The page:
MOSCOW (Reuters) -- Russian President Dmitry Medvedev has said he would not rule out standing for a second Kremlin term in the next election, local news agencies have reported.
Medvedev, who took over as Kremlin chief in May 2008 after Vladimir Putin's eight-year presidency, said he could not rule out standing again in 2012, though he admitted that Putin still had the highest popularity rating in the country.
"A while ago I did not even intend to stand for president but fate decreed otherwise, and this is why I do not make plans too early and do not exclude anything," Medvedev was quoted as saying by local news agencies on September 15 when asked whether he planned to run in the 2012 presidential election.
Prime Minister Vladimir Putin on September 11 gave his strongest indication yet that he may run again for the presidency in the next election.
Putin picked Medvedev as his chosen successor and backed him in 2008 presidential election. Putin became Medvedev's prime minister and their much vaunted leadership in tandem has been under scrutiny ever since.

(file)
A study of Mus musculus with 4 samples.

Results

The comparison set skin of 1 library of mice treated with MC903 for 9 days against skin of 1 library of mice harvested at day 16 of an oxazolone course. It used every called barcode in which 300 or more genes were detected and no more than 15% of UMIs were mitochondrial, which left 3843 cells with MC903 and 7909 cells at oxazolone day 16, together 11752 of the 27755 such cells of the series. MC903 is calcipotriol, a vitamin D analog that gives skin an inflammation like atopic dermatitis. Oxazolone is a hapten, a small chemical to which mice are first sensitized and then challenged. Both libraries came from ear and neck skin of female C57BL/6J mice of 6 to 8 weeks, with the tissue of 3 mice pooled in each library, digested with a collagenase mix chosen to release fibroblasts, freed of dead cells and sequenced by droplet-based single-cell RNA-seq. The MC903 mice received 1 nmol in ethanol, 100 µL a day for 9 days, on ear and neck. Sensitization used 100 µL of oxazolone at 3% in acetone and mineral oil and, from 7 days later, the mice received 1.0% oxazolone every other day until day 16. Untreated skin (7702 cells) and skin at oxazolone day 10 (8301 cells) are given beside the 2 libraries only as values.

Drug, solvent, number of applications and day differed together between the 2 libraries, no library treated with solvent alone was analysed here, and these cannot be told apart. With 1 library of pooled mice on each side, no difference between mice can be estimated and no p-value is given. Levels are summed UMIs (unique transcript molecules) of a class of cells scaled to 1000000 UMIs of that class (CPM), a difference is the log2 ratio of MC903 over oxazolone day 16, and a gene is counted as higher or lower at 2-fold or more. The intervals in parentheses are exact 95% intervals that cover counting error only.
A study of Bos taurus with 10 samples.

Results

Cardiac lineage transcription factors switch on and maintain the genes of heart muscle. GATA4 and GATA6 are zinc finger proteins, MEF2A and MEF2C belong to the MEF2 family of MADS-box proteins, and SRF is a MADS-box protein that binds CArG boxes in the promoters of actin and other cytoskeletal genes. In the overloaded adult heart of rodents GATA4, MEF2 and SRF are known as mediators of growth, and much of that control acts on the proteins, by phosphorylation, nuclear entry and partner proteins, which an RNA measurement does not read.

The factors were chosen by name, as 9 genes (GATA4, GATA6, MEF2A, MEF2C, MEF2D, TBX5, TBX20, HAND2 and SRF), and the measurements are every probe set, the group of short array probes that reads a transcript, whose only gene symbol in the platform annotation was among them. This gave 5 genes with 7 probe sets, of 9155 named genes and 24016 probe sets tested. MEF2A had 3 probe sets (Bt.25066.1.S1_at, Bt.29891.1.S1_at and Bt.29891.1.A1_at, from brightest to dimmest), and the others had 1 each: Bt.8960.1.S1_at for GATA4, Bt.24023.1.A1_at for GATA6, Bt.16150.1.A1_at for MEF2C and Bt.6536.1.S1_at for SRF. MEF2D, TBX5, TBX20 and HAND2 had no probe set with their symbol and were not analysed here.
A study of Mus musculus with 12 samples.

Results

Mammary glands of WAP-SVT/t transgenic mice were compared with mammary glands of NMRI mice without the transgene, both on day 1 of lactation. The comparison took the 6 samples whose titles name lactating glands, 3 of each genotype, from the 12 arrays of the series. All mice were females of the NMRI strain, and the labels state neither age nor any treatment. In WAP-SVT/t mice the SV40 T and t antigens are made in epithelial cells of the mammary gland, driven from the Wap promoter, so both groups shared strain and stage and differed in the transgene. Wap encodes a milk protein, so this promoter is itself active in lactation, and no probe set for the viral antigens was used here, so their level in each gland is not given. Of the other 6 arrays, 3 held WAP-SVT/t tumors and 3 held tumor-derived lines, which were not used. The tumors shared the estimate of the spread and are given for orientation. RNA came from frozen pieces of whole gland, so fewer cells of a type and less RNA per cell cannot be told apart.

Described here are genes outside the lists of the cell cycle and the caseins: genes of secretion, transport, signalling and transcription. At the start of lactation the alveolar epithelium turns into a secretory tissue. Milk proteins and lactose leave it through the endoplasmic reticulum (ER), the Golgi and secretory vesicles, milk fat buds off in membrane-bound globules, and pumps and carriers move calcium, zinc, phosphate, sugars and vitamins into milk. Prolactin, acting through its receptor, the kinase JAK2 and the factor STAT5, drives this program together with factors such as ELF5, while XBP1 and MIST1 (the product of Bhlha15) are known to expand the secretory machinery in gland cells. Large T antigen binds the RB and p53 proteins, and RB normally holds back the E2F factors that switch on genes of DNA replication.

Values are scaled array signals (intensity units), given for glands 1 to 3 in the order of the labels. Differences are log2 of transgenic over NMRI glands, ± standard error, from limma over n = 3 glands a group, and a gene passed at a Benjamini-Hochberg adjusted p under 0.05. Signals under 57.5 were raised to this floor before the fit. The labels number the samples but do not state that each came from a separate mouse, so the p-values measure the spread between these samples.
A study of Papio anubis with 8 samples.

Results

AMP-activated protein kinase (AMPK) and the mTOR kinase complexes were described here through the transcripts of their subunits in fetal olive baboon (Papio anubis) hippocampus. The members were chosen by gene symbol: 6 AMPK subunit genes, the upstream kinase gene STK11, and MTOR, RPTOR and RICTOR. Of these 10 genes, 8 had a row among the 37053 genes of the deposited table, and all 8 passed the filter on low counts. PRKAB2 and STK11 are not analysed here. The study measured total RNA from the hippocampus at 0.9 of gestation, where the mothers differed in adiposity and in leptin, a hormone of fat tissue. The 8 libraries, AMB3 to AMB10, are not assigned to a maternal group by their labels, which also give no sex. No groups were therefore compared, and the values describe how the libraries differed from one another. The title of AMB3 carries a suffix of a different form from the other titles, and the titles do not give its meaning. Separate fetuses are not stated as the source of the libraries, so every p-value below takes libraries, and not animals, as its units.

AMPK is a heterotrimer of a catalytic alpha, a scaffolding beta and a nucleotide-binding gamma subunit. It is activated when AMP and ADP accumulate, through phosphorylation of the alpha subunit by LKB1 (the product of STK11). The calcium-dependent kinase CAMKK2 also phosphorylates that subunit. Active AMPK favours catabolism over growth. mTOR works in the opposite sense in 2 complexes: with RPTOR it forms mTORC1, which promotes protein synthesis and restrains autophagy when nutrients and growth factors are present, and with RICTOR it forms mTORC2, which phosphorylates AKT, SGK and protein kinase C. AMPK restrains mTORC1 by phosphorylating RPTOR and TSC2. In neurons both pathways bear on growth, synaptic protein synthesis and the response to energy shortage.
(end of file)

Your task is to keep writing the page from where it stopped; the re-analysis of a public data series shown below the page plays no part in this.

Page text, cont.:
'Change The Business Mentality'
Also on September 15, President Medvedev flexed his political muscle as he spoke to the Valdai discussion group of Russia experts, saying that Russia needs reforms to change a business mentality that relies on corruption and the export of raw materials.
Selling only raw materials -- which make up the lion's share of exports -- was "a road to nowhere," he said.
"Corrupt officials run Russia -- they have the power in the Russian Federation," Medvedev told the group, adding that Russia needed wide social and economic reforms.
"We need to change the business model, the business mentality," he said.